KNOXVILLE, Tenn. -- Environmental change, population growth, and accelerating consumption of food, energy, and water resources are creating challenges for urban sustainability worldwide, so a team of University of Tennessee researchers is collaborating to develop an international research coordination network (iRCN) with the goal of supporting sustainable urban systems. These systems, which include cities and their surrounding areas, generally have conflicting interests in terms of limited food, energy, and water resources.
With funding from a recent National Science Foundation grant, project leader Jie (Joe) Zhuang, a professor of environmental soil science in the UT Institute of Agriculture, and Tom Gill, director of the UT Smith Center for International Sustainable Agriculture, are partnering with colleagues from across the university in what is truly a broad, interdisciplinary effort to build a comprehensive global database and network of food, energy, and water (FEW)-focused research. The work should make it easier for leaders of FEW-based research to think more broadly, inspiring outreach, engagement and multinational transdisciplinary efforts to enhance local and global urban sustainability.
Zhuang and Gill's partners include Frank Löffler, UT-ORNL Governor's Chair professor and director of UT Center for Environmental Biotechnology; Mingzhou Jin, a professor in the Tickle College of Engineering and director of UT Institute for a Secure and Sustainable Environment (ISSE); Wendy Tate, a William J. Taylor professor in the Haslam College of Business; and Gary Sayler, emeritus distinguished professor at UT Knoxville.
In their grant proposal, the researchers acknowledge that despite dramatic differences in economic and political structure, many countries share "common FEW trajectories, a strong science and technology base, and a perceived commitment to urban environmental sustainability." Says Zhuang, "The goal of this international research coordination network is to chart a new path forward in developing urban sustainability and coordination with limited food, energy, and water resources."
The proposed iRCN is expected to merge information from research networks existing among countries of different urbanization and income levels from all around the globe, including Argentina, Brazil, Cambodia, Chile, China, Colombia, Czech Republic, Guatemala, the Netherlands, Tanzania, Uganda, Uruguay, and the U.S.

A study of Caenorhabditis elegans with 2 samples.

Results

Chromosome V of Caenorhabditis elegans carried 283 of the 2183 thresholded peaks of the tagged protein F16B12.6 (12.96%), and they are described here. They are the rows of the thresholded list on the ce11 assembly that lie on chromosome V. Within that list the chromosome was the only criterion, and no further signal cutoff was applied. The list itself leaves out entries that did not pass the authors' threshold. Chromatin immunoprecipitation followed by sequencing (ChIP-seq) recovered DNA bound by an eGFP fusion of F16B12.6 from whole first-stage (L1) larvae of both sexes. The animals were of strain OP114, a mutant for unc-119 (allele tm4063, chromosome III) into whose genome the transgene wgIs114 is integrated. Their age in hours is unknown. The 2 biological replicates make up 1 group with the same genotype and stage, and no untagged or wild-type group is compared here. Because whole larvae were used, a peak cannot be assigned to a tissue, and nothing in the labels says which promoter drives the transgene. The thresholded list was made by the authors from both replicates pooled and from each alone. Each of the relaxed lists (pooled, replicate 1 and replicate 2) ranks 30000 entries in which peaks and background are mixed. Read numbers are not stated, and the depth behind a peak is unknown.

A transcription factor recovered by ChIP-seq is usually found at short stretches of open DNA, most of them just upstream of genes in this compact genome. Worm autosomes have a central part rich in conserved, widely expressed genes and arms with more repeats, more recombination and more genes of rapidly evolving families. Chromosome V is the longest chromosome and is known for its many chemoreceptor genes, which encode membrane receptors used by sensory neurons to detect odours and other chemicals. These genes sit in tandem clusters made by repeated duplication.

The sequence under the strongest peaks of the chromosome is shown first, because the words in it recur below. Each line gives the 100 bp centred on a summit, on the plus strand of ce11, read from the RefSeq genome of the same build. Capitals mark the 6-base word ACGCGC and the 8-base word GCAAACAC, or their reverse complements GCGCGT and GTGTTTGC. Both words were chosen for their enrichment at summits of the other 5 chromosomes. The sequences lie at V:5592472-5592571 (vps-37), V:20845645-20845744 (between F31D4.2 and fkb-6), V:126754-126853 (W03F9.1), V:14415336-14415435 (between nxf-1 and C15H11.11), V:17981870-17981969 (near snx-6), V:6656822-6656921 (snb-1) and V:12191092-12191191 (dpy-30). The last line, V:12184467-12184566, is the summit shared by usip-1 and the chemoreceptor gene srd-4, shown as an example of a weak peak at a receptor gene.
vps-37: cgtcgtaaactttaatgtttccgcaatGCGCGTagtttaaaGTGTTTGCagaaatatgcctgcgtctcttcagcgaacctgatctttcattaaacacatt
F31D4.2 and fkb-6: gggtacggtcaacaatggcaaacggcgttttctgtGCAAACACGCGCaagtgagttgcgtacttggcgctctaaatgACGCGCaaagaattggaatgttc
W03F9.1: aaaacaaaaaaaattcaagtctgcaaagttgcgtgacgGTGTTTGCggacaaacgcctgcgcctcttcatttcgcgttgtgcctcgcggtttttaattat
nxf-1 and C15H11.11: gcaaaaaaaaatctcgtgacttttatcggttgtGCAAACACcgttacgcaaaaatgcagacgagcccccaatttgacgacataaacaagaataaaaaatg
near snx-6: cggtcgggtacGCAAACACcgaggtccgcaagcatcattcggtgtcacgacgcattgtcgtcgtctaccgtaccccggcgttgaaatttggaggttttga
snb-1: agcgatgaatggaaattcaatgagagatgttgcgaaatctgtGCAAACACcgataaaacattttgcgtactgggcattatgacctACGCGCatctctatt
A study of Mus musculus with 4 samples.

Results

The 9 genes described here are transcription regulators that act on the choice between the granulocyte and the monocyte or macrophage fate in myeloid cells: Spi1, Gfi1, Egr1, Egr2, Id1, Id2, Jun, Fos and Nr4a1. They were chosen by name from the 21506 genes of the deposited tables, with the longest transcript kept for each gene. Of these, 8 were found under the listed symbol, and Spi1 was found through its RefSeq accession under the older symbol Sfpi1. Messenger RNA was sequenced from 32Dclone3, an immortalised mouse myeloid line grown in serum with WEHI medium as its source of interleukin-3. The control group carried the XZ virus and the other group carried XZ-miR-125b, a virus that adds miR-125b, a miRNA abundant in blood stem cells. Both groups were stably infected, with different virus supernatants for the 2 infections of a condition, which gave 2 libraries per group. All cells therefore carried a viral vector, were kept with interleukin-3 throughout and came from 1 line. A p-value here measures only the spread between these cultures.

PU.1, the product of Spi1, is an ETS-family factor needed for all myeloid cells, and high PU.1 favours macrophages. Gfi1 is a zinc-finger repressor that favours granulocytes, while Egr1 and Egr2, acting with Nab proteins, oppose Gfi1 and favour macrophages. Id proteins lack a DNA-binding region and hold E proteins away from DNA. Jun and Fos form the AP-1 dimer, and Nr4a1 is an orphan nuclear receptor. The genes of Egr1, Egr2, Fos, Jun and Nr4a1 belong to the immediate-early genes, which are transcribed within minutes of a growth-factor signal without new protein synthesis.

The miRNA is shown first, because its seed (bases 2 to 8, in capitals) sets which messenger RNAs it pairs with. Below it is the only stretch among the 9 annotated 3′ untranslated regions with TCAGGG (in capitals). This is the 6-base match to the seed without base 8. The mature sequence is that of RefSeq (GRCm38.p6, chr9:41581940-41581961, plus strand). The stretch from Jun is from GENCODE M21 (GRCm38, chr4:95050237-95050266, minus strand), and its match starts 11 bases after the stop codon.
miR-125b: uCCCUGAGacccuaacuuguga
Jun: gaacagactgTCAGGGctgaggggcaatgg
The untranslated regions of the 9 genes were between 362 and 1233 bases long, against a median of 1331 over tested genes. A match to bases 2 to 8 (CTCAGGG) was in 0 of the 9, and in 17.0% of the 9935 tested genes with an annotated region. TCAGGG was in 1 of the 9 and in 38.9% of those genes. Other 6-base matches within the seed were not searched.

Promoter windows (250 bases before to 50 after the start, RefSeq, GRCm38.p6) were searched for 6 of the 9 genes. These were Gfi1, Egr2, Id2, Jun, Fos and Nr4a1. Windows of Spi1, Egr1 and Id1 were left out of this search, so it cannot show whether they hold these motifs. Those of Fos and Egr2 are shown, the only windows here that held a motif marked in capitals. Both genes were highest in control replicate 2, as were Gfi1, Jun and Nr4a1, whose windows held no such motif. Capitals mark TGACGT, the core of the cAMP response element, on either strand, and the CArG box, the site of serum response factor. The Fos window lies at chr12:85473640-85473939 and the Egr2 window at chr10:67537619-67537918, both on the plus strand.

Because no single group of disciplines can generate a comprehensive understanding of the feedbacks and impacts of urban FEW manipulations and variations on the environment, Zhuang says this iRCN will help researchers link currently uncoordinated work, truly engage stakeholders, and advance a FEW-focused global agenda of sustainable urban development.
Zhuang and his colleagues also say the network established through this iRCN will serve as a template for budding FEW-urban research initiatives in Africa, Latin America, and Asia and help less urbanized countries avoid traps and negative experiences during the transition to sustainable development.
Because urban communities will need workforces capable of implementing sustainable urban development, the funding also provides for unique opportunities for international education, including new courses, an honors student research program on the UT Knoxville campus, multiple study-abroad programs for U.S. students, and an annual summer school in China, where U.S. students will interact with students from more than 20 countries. These efforts should contribute to developing a diverse, competitive, and globally engaged workforce that can effectively communicate FEW-based challenges and solutions and translate research innovations into practice across international borders.
The iRCN will also support a structured rationale for economic and environmental policy.
The three-year effort is funded with a $500,000 grant from the NSF Division of Chemical, Bioengineering, Environmental, and Transport Systems.